The Military Service Act 1916
The Military Service Act 1916

On 15 November 2016 the National Army Museum will be holding a parliamentary debate with cross-party MPs including Kirsten Oswald SNP, historian Lord Bew and author Will Ellsworth-Jones. They will discuss the question 'Does your country have the right to make you fight?' as the country marks the 100th anniversary since the introduction of conscription.

Conscription was first introduced during the First World War in 1916, and continued on and off until the National Service Act was repealed in 1963. Experts at the National Army Museum estimate that if the criteria for conscription was updated for the current day, over 10 million British citizens1, both men and women, would be legally obliged to fight. This would leave behind only the disabled, the elderly, and those in professions beneficial to both those at war and on the Home Front.

"As a society we continually grapple with the question of military service, and whether citizens have a duty to serve their country. We’ve partnered with Parliament to find out what citizenship means to people, and if the call came, whether they would take up arms" says Katy Jackson, Public Programmes Manager. "When the new museum opens in 2017, we’ll be asking people to take a view on the army through our redesigned exhibitions and innovative events programme".

Research is being shared ahead of the debate in partnership with the Houses of Parliament. Only one third (33%) of Britons would take choose to take a combative role if Britain went to war today. If a war on the scale of the First World War broke out today 37% of the 10 million potential conscripts would be ‘conscientious objectors’ - refusing to fight for political or ideological reasons. This is equivalent of 3.8 million men and women2, in comparison to just 16,000 men (around 0.6% of the population eligible for conscription) who objected during the First World War3.

According to the study, which was commissioned to commemorate the 100-year anniversary of the introduction of conscription in the UK, a further three in 10 (31%) said it would depend on why the war was being fought, with nearly half (45%) of those saying they would fight if they thought their family's human rights were directly under threat. However, more than a third (35%) of people said they would accept a non-combatant role.

Alongside the panel debate and commissioned research, the National Army Museum has an online video featuring recreated political speeches from 1916, for and against conscription and an online poll where you can then decide whether your country has the right to make you fight. The Museum is encouraging people to watch the live-stream of the debate and share their own views on Facebook and Twitter using #ArmyandSociety.


1 There are currently 50.9 million adults over the age of 18 according to figure 5 of ONS Overview of the UK population (February 2016). According to the research, 20% of the adult population would be eligible for conscription today - or 10.2 million people. Eligibility for conscription was based on the same criteria as in May 1916, except women and students (who experts believe were exempt as a result of politicians’ personal interests, but would be included today) were included. Originally, all male British residents between the ages of 18 and 42 who were unmarried and over 5”3’ tall were conscripted, as long as they were not widowed with children, serving in other national service areas (The Navy and the RAF), university students, medically unfit, or working in a reserved occupation (teachers, doctors, nurses, firemen, politicians, factor workers and farmers). Married men were included from May 1916.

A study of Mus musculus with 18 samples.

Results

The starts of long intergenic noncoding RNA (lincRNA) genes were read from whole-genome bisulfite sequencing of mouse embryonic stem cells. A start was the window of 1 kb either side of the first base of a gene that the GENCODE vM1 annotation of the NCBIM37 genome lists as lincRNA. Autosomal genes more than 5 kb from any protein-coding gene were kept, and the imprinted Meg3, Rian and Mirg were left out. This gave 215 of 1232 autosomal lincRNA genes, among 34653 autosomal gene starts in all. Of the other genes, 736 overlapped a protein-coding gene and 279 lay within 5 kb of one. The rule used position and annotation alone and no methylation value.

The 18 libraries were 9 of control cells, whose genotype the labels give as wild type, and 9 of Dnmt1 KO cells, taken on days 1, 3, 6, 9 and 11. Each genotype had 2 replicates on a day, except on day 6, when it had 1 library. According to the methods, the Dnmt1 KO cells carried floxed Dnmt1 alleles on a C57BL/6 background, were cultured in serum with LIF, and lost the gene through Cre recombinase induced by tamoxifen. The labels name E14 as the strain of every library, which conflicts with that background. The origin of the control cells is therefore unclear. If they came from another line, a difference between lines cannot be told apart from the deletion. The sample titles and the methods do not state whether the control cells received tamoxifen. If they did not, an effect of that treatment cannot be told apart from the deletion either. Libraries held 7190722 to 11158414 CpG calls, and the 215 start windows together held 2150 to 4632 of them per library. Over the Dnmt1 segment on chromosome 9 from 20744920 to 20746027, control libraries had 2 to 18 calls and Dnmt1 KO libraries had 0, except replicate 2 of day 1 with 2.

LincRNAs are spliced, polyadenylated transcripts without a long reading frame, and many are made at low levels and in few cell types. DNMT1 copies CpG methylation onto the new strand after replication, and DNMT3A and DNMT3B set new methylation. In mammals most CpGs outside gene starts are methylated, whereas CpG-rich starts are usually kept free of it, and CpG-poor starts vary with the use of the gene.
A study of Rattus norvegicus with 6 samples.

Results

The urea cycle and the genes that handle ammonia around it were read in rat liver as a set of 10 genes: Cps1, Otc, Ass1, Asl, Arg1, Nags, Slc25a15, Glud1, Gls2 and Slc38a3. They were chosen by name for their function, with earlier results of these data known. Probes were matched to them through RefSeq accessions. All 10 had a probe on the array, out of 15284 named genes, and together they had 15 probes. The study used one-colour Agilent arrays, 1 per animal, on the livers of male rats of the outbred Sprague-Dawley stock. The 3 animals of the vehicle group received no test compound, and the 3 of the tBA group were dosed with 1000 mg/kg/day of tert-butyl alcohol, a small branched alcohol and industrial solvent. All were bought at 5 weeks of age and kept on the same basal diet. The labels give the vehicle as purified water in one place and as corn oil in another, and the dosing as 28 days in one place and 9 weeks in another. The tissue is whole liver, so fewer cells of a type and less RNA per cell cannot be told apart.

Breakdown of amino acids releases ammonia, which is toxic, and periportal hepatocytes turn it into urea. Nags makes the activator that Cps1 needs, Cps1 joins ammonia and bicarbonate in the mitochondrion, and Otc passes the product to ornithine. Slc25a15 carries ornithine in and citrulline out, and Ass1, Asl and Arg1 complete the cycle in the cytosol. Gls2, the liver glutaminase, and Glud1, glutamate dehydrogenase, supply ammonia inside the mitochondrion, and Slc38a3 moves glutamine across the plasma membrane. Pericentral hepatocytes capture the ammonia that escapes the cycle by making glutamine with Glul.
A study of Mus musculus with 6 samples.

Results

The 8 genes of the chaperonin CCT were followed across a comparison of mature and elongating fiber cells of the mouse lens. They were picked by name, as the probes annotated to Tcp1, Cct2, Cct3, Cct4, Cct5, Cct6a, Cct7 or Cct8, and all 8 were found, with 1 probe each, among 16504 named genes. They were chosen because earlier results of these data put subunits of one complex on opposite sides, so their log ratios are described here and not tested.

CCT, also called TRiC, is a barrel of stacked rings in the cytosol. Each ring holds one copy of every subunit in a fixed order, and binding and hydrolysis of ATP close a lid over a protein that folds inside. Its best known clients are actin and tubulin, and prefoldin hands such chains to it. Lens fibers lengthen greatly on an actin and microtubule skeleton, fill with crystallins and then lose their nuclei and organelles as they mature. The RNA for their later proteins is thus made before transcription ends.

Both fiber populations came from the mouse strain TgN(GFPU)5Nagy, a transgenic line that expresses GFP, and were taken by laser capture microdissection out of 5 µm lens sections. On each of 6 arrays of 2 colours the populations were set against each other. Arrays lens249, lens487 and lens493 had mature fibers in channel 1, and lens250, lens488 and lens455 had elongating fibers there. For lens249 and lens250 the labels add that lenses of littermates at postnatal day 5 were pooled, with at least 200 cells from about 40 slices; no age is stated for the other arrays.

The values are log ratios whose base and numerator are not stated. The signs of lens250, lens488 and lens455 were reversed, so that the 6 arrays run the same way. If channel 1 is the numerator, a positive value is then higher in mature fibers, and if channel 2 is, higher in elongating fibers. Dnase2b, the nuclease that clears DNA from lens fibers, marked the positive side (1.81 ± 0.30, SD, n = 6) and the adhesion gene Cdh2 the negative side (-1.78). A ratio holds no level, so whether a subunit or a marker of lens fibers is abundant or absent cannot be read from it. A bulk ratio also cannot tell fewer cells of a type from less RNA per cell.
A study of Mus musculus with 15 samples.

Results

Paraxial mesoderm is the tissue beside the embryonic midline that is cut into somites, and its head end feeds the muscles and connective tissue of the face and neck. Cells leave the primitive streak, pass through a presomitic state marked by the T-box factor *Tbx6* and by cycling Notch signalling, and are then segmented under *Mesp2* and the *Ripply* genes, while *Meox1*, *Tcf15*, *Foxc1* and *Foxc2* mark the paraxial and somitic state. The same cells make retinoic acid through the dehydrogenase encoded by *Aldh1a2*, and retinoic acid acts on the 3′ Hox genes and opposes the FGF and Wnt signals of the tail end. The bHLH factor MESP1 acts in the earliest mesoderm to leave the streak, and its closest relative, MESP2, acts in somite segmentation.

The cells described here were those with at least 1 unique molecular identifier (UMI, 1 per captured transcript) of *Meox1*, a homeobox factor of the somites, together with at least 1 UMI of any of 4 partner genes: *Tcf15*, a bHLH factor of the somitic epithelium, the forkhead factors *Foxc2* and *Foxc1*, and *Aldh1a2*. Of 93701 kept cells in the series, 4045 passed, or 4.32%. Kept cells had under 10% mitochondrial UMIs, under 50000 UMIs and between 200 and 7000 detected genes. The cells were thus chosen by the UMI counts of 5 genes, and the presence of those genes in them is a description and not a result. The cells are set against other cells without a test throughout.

2 37% of the population would be conscientious objectors, therefore of the 10.2 million people conscripted 3.8 million people would object.

3 There were approximately 16,000 British men on record as conscientious objectors to armed service during the First World War, according to the Imperial War Museum. The percentage of those eligible for conscription was calculated by taking 16,000 as a percentage of the total number of people conscripted (2.5m according to the government) – 0.64%.


  • Lord Bew
  • Gisela Stuart
  • Kirsten Oswald
  • Julien Brazier
  • Will Ellsworth-Jones
  • Chaired by the BBC’s Defence Correspondent, Jonathan Beale

Notes for editors

For more information, please contact the National Army Museum press office at pr@nam.ac.uk or 020 7881 2433.

About the research

The research was carried out by Opinium Research on behalf of the National Army Museum between 8-12 July 2016. The survey of 2,014 UK adults was weighted to be nationally representative.

National Army Museum

The National Army Museum is the leading authority on the history of the British Army. Founded in 1960 by Royal Charter and established for the purpose of collecting, preserving and exhibiting objects and records relating to the Land Forces of the British Crown it is a museum that moves, inspires, challenges, educates and entertains.

The Museum tells the story of the British Army, the personal experiences of the soldiers who have served and connects the British public and its Army demonstrating how the role of the Army and its actions are still relevant today.

Heritage Lottery Fund

Using money raised through the National Lottery, the Heritage Lottery Fund (HLF) aims to make a lasting difference for heritage, people and communities across the UK and help build a resilient heritage economy. HLF has supported 36,000 projects with £6bn across the UK.

For more information, please contact Katie Owen, HLF press office, on tel: (020) 7591 6036 out of hours mobile: 07973 613820.